A couple of days ago, I decided that I’m done talking about my hurt rib and knee. However, I wanted to share one last reflection on my injuries before I leave this topic and move forward. Let me preface this by saying I have close friends and family members who have suffered debilitating injuries and traumatic accidents. Unlike my injuries, which will completely heal, their injuries left them with permanent limitations that will be with them forever. So, to be clear, my situation could be much much worse.

Still, my injuries are my injuries and they significantly affected my mood when they joined me midway through my Patagonian saga. If I’m completely honest, though, my mood was hampered even before the injuries, even before leaving for South America in fact. The intimidation associated with the difficulty of this trip was almost overwhelming to me before I left. Of course, I knew the trip would be physically demanding, but I also I knew I was not in the physical shape required to deal with it. Multiple projects at work and in my personal life left me insufficient time to train for Patagonia in the same way I had trained for other trips in the past. I was over committed, in over my head, and I knew it. Of course, I had the power to control my commitments. I made them and I could change them if I wanted. But dammit I was going to live up to them. I was as determined as a Kardashian. Even so, my mood slowly decayed for several months preceding my trip. By the time I headed south, I was at a point where I had put the ebullient Steve on a shelf and I had replaced him with a bullheaded, sullen version of myself.

Matters worsened due to the injuries. My bruised body affected me in ways I rarely experienced. Every move I made required a plan to minimize pain and the potential for further injury. Each handhold and each step had to be negotiated and planned three moves ahead. It was mentally exhausting at times, but fortunately, I had awesome colleagues to help me. I could not have completed the trip without them and I’ll always be grateful to them! By the time I got home, I was a mess.

Today, the good news is that the fog has lifted from my mind, my body, and my psychology. A clarity has overtaken me and the ebullient Steve is back. I didn’t lose him even though there were times when I forgot about him. And that yields a fresh perspective on my Patagonian adventure. I’ve slowly realized that – cliché alert! – this trip to Patagonia was the trip of a lifetime. OK, “trip of a lifetime” is overused. I hear it all the time. Many people hike and marvel in the beauty of Torres del Paine, the Fitz Roy massive, and the unparalleled Perito Moreno glacier. Fair enough. It is some of the most spectacular landscape on the planet. No doubt about that. However, the Chilean fjords are supremely unique and I now realize that my adventure there will remain near the apex of my lifetime travel experiences. I now realize just how extra special that was. I am a luck guy!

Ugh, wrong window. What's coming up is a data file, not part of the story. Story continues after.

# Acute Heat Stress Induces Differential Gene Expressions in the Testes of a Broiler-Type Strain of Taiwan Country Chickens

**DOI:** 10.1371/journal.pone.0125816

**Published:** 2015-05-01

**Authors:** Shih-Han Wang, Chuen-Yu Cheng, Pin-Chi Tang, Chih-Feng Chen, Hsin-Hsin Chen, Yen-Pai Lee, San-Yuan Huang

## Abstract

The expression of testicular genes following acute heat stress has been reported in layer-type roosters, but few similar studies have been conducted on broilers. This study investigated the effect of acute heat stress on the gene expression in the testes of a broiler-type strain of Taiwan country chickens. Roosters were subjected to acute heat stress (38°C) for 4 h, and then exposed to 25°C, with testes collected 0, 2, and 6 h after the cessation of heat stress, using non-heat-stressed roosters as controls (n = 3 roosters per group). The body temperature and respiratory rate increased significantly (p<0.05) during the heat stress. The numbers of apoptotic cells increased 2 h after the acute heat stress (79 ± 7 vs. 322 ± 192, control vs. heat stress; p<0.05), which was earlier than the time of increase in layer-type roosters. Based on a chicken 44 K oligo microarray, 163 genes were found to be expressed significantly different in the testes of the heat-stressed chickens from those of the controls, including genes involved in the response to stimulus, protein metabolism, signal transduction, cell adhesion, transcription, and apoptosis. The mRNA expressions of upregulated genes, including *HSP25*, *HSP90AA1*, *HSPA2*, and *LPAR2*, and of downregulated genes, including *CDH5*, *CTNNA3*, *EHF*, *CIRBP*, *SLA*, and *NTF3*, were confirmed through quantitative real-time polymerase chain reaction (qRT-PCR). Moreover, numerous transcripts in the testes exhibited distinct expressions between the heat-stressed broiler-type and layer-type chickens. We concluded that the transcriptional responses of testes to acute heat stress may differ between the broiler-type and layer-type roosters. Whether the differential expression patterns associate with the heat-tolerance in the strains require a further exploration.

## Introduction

In the movie “Free Solo” Alex Honnold said, “Nothing good happens in the world by being happy and cozy. You know, like, nobody achieves anything great because they’re happy and cozy.” After my trip, I can attest to the rewards of doing something difficult, persevering through the challenges, and then returning to a state of peace and contentment. Even if I temporarily put my physical and mental wellbeing on hold. I’m glad I’m back.

It doesn’t look like it, but here is another image from the Chilean fjords. This stream is one of an infinite number of small inlets that result from ice melt thousands of feet above. The water is pure with a clarity I rarely see. You can drink it straight out of the stream with no purification needed. Nice.